Transcript: Press conference remarks by Sen. Patty Murray on the federal budget deal – Dec. 10, 2013

Partial transcript of press conference remarks by Sen. Patty Murray (D-Washington) on the House-Senate budget compromise on Dec. 10, 2013:

Well, for far too long here in Washington D.C., compromise has been considered a dirty word especially when it comes to the federal budget.

Over the past few years, we have lurched from crisis to crisis and from cliff to the next, and when one countdown clock was stopped it wasn’t too long before the next one got started.

That uncertainty was devastating to our fragile economic recovery. The constant crisis cost us billions of dollars in lost growth and jobs, and the continued across-the-board cuts from sequestration were forcing our families and communities to pay the price.

So I am very proud to stand here today with Chairman [Paul] Ryan to announce we have broken through the partisanship and the gridlock and reached a bipartisan budget compromise that will prevent a government shutdown in January.

Our deal puts jobs and economic growth first by rolling back sequestration’s harmful cuts to education and medical research and infrastructure investments and defense jobs for the next two years. Now, I know there are some people who thought these cuts should continue but I’m glad that we’ve increased these key domestic investments and that we averted the next round of scheduled cuts to military programs, bases, and defense jobs in our country.

This deal builds on the $2.5 trillion in deficit reduction we have done since 2011 and continues the precedent we’ve set in the fiscal cliff deal that sequestration shouldn’t be replaced with spending cuts alone.

This bipartisan deal with help millions of Americans who are wondering if they’re going to keep paying the price for DC dysfunction, from the workers in our military bases and construction projects who were furloughed or laid off to the kids who lost their spot in Head Start programs to the seniors wondering if they’re going to have Meals-On-Wheels to the families who are praying for halted medical research programs to get back to work on a cure and so much more.

Because of this deal, the budget process can now stop lurching from crisis to crisis. By setting bipartisan spending levels for the next two years, this deal allows congressional committees to proceed under regular order and gives government agencies and the companies that do business with them the certainty they need to hire workers and make investments.

This isn’t the plan I would’ve written on my own. I’m pretty sure that Chairman Ryan wouldn’t have written it on his own. And there are obviously differences between our parties when it comes to our budget values and priorities.

I was disappointed that we weren’t able to close even a single corporate tax loophole. I know many Republicans had hoped this would be an opportunity to make some of the kind of changes to Medicare and Social Security they’ve advocated for.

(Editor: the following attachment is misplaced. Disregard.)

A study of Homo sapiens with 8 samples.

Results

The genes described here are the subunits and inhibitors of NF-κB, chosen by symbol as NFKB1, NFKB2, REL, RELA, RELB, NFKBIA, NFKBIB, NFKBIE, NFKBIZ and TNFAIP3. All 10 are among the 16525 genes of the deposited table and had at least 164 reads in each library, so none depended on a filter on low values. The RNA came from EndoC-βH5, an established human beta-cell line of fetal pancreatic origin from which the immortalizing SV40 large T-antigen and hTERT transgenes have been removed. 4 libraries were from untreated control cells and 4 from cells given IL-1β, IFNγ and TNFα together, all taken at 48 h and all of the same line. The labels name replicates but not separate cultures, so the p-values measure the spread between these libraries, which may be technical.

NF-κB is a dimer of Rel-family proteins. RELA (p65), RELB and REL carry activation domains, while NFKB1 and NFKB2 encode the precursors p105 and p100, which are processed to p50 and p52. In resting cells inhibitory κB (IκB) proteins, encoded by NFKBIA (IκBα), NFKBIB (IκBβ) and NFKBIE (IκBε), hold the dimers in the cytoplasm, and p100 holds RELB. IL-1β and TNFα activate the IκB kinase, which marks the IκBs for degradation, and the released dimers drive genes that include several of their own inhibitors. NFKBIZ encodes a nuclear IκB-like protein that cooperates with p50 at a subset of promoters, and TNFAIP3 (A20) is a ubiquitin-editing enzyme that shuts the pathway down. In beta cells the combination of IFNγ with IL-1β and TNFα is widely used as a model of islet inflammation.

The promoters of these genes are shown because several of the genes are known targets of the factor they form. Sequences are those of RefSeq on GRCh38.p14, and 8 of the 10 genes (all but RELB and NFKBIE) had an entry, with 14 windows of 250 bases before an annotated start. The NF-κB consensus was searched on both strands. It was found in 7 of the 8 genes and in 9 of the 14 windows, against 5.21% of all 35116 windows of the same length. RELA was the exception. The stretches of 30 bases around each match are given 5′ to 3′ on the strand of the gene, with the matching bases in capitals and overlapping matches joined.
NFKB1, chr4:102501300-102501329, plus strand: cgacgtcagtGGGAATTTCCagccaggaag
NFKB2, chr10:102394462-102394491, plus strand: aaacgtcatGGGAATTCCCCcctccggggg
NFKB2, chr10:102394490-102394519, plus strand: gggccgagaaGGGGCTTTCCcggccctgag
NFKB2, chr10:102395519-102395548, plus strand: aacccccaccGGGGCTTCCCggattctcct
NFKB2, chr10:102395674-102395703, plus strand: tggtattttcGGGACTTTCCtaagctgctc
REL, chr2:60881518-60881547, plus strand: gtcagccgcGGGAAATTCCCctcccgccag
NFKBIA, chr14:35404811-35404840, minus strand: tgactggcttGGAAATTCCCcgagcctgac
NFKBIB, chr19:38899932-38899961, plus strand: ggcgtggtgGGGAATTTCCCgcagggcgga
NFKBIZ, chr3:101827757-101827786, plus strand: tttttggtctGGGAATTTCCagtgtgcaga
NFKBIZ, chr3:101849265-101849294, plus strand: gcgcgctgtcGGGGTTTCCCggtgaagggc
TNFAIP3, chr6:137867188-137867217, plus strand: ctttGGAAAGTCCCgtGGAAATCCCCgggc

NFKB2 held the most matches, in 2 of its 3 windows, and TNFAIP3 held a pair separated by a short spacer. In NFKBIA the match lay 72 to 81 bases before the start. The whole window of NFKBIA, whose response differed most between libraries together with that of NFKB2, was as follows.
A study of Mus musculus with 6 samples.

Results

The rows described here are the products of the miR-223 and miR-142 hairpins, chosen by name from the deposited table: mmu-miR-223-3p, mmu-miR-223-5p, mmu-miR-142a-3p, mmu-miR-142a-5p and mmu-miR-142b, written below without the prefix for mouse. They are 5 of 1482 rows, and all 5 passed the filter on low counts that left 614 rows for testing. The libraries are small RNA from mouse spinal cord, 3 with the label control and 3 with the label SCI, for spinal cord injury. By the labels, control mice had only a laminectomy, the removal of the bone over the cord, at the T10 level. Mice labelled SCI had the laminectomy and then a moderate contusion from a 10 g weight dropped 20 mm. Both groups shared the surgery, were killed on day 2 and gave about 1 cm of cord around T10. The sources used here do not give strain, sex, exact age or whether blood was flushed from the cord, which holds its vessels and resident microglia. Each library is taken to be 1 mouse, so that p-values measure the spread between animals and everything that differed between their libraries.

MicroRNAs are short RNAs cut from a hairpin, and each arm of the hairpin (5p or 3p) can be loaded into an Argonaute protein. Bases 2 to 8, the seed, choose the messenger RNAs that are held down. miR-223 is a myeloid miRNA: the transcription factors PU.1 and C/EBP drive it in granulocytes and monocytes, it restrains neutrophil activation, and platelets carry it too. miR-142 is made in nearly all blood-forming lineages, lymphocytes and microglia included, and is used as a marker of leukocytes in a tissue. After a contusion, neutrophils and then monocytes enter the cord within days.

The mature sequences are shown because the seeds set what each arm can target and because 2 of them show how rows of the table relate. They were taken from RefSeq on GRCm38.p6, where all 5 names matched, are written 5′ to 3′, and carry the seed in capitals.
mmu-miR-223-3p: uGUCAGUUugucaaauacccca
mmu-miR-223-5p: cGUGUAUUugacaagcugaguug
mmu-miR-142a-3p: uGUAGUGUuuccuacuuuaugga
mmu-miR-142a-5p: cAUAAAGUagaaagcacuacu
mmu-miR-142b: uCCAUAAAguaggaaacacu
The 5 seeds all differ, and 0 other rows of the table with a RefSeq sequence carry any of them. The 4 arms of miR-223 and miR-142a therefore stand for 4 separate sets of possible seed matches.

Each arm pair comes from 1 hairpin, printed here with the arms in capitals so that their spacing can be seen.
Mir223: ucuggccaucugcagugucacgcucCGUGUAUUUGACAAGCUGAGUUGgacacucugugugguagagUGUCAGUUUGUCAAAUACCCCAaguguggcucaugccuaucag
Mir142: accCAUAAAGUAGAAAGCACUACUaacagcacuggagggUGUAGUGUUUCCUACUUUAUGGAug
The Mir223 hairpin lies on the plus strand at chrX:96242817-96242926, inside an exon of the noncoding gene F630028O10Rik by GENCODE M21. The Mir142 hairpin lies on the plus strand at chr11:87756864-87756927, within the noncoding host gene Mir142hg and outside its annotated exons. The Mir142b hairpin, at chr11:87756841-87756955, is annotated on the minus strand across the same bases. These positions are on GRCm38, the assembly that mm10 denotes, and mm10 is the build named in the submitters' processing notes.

But Congressman Ryan has set aside our differences. We have made some compromises, and we’ve worked together to get something done.

Now, this deal doesn’t solve every issue in front of Congress. We made a conscious decision as Chairman Ryan said in the few short weeks we have had to focus on where we can agree and not get bogged down on the larger issues that, while important, are not going to get solved right now.

But we need to acknowledge that our nation has serious long-term fiscal and economic challenges this deal doesn’t address and our budget process has been broken. Many people believe that Congress is broken. We have spent years scrambling to fix artificial crises while our debt piles up and the economic foundation middle-class families have depended on for generations continues to crumble.

We have budget deficits that have improved but they have not disappeared. And we have deficits in education and innovation and infrastructure that continue to widen.

We know we need comprehensive tax reform. We need comprehensive immigration reform. There is a lot more for Congress to do.

So this deal doesn’t solve all of our problems, but I think it is an important step in helping to heal some of the wounds in Congress, to rebuild some trust, and show that we can do something without a crisis right around the corner, and demonstrate the value in making our government work for the people we represent.

So when all this is done, I’m very proud to stand with Chairman Ryan or anyone else who wants to work on this bipartisan foundation to continue addressing our nation’s challenges. Nothing is easy here but I know the American people expect nothing less.

I want to take a minute to especially thank Chairman Ryan. He and I do have some major differences. We cheer for a different football team – clearly. We catch different fish. We have some differences on policies. But we agree that our country needs some certainty and they need to show that we can work together, and I’ve been very proud to work with him.

I also want to thank Congressman [Chris] Van Hollen, who’s worked very hard to help make sure this deal reflects the values that he cares a lot about and all of our budget conference committee. Everyone who’s been involved on the committee has been hardworking with us to get to this deal.

So I’m hopeful now we can get this bipartisan deal through the House and then through the Senate and get home in time for the holidays that I think everybody deserves this year.



  1. Pingback: Transcript: Press conference remarks by House Republican leaders on the federal budget compromise - Dec. 11, 2013 | What The Folly?!

  2. Pingback: List of 94 lawmakers who voted against the FY2014 budget compromise to avert a government shutdown in Jan. 2014 | What The Folly?!